Tuesday, June 26, 2007

Keeping young minds open

Letter from university campus

From The Statesman
When I look at the face of a student sitting in my class, I do not think that one day he might become a corporate killer, a drug peddler or a suicide bomber. I firmly hope my students will become proud and successful professionals, parents and responsible citizens as most of them do.

Once upon a beautiful day at Morehead State University, long ago, a school nestling in the rolling hills of eastern Kentucky and Daniel Boone Forest, I was teaching an undergraduate class when I heard a gentle knock at the door. As I opened the door, I saw two cops standing solemnly and one of them, after apologising for the intrusion, said that they would like to speak to one of my students, John Doe. He asked politely and authoritatively: “Is he there?” It’s a drug inquiry, the other said. I was shocked and puzzled. Should I turn in one of my students to the cops, or turn them away making a plausible excuse for his absence?

The classroom, unlike a temple or church, is not a sanctuary; but nor is it a public forum. It is a place of awakening and certainly my students were awakened that beyond the world of textbooks there is another world, with which they are not totally unfamiliar. I closed the door behind me and returned to the class. The students, most of whom were girls, devoured me with their inquisitive and anxious looks and after a moment of extreme embarrassment and discomfort I asked John to leave the classroom. He looked at the window but understanding his drift I said, no, go from the front door. After two weeks of absence John returned, presumably on bail, and asked me if he could do the makeup work and continue in the course. As per the university rules, it was for me to decide whether to allow him to return to the class after such a long unexcused period of absence.

By this time the campus had learnt the truth about John, and I felt that it wasn’t exactly like allowing a confessed killer to sit in my class; nonetheless, it was somewhat of an ethical dilemma. Most people think that ethics is about what’s right and wrong within a given moral system into which they are born, but it is more than that. Ethics sometimes is about making a choice between two equally competing values or between two wrongs, and choosing the lesser one in compelling circumstances. Consider for a moment the ethical dilemma of a doctor who has two equally desperate patients and both likely to die, but he has only one kidney available for transplant. What should be the basis of his decision when the Hippocratic oath enjoins him: “First do no harm”? His decision, however rational it might sound, would let one of them die, which probably would remind you of George Bernard Shaw’s play, Doctor’s Dilemma.

I begin my fall semester law and ethics class at Norwich University with the ethical dilemma posed by Immanuel Kant, the eighteenth century philosopher. If a man with a handgun knocks at your door, asking about another man who is hiding in your basement and with whom he wants to settle an old score, what would you do? Will you let him in and drag the man out to be shot, or tell a lie to save his life?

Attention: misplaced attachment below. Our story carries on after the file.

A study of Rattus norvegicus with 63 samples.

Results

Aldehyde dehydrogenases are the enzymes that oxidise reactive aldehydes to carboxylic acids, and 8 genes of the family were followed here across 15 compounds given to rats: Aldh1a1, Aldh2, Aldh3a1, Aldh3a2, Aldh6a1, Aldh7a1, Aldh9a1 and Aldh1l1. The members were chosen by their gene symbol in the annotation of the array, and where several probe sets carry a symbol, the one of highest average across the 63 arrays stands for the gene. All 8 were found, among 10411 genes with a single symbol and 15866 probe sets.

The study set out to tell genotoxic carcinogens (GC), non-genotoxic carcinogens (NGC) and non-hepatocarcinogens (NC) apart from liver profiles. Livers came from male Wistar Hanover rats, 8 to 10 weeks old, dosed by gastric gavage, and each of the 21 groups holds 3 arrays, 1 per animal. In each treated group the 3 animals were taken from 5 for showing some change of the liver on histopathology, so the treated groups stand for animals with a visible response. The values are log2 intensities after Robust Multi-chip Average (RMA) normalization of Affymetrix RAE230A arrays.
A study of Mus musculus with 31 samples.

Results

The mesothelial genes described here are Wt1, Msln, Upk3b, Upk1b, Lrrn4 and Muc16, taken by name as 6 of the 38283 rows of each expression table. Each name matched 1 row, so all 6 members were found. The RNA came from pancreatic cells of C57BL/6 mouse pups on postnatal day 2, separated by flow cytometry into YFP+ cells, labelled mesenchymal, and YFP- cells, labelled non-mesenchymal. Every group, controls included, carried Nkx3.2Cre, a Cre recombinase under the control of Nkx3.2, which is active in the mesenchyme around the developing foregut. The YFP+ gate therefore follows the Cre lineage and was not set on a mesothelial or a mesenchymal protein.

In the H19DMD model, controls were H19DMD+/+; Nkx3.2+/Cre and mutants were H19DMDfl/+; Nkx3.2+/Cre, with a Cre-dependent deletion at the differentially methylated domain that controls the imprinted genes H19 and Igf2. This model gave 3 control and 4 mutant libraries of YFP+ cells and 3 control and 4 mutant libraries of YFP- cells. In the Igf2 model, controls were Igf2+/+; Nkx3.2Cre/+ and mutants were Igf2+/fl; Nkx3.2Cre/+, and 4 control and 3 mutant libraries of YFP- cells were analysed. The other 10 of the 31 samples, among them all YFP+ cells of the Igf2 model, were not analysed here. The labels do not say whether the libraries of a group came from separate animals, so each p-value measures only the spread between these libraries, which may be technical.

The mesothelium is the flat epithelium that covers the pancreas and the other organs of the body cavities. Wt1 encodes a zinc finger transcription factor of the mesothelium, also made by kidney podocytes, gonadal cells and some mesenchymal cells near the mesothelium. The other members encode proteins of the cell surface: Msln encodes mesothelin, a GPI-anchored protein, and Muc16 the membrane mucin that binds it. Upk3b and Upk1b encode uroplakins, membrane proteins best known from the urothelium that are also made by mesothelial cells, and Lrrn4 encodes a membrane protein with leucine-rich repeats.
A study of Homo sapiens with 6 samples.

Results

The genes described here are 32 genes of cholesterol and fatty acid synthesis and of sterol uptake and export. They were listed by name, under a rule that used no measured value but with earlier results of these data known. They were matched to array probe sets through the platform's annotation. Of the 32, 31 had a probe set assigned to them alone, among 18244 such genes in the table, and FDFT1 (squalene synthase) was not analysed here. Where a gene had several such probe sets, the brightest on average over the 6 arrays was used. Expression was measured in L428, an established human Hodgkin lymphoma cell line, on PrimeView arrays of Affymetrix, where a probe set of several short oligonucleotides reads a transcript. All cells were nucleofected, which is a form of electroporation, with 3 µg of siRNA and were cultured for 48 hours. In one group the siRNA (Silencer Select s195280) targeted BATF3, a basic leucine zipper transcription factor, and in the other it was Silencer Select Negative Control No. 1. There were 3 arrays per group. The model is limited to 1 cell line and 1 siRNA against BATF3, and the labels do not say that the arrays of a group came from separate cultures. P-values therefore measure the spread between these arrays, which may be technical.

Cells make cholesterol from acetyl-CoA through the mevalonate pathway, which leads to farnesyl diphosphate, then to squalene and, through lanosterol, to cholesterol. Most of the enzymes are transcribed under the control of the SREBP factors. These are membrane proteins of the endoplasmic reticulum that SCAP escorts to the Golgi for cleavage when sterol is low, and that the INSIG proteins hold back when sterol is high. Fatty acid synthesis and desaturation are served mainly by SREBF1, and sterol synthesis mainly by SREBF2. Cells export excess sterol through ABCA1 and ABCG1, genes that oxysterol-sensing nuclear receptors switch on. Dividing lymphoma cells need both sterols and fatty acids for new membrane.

Both killing and lying are morally wrong according to the Christian morality, the framework within which my students have been growing up. Whatever the post-modernists might say, I think moral relativism is a worst form of immorality. But what was my moral framework under which I made the ethical choice to let John sit in my class, in spite of his dubious past? I am personally a mixed-up person. I grew up in a Hindu family where karma, compassion and truth are regarded as the highest virtues; nonetheless, the superstructure on this foundation has been that of post-Christianity Western secular humanism. And when John confronted me with the ethical dilemma, I recalled Oscar Wilde’s notorious words: “The difference between the saint and the sinner is that every saint has a past, and every sinner has a future.” John would have a future if he completed his education, but if he were dismissed from the university he might become a drug dealer and harm the society and self-destruct.

I wasn’t bargaining like a game theorist.

Norwich University, once upon a time, faced an ethical dilemma about the presence of the Indonesian military-sponsored students. The American people used to watch on television the atrocities committed by the Indonesian military against innocent people of East Timor (before their independence) and some in the media accused the university of unintentional complicity. Should the university have let the students continue in the programme hoping that they would return to Indonesia as good citizen-soldiers in service of their country rather than killers of the innocent? A private university depends upon the public goodwill and must be accountable for its actions, including its investment decisions and foreign collaborations. The university gave the Indonesian students a chance and let them continue hoping that they would do good to their country when they returned.

Today American campuses, in spite of a diffused threat of terrorism, remain open and welcome everyone to their portals. The United States needs a steady inflow of talented young people without whom its brainpower will dwindle and its Silicon Valley will dry up.

(Dr ND Batra is the author of Digital Freedom: How much Can You Handle?)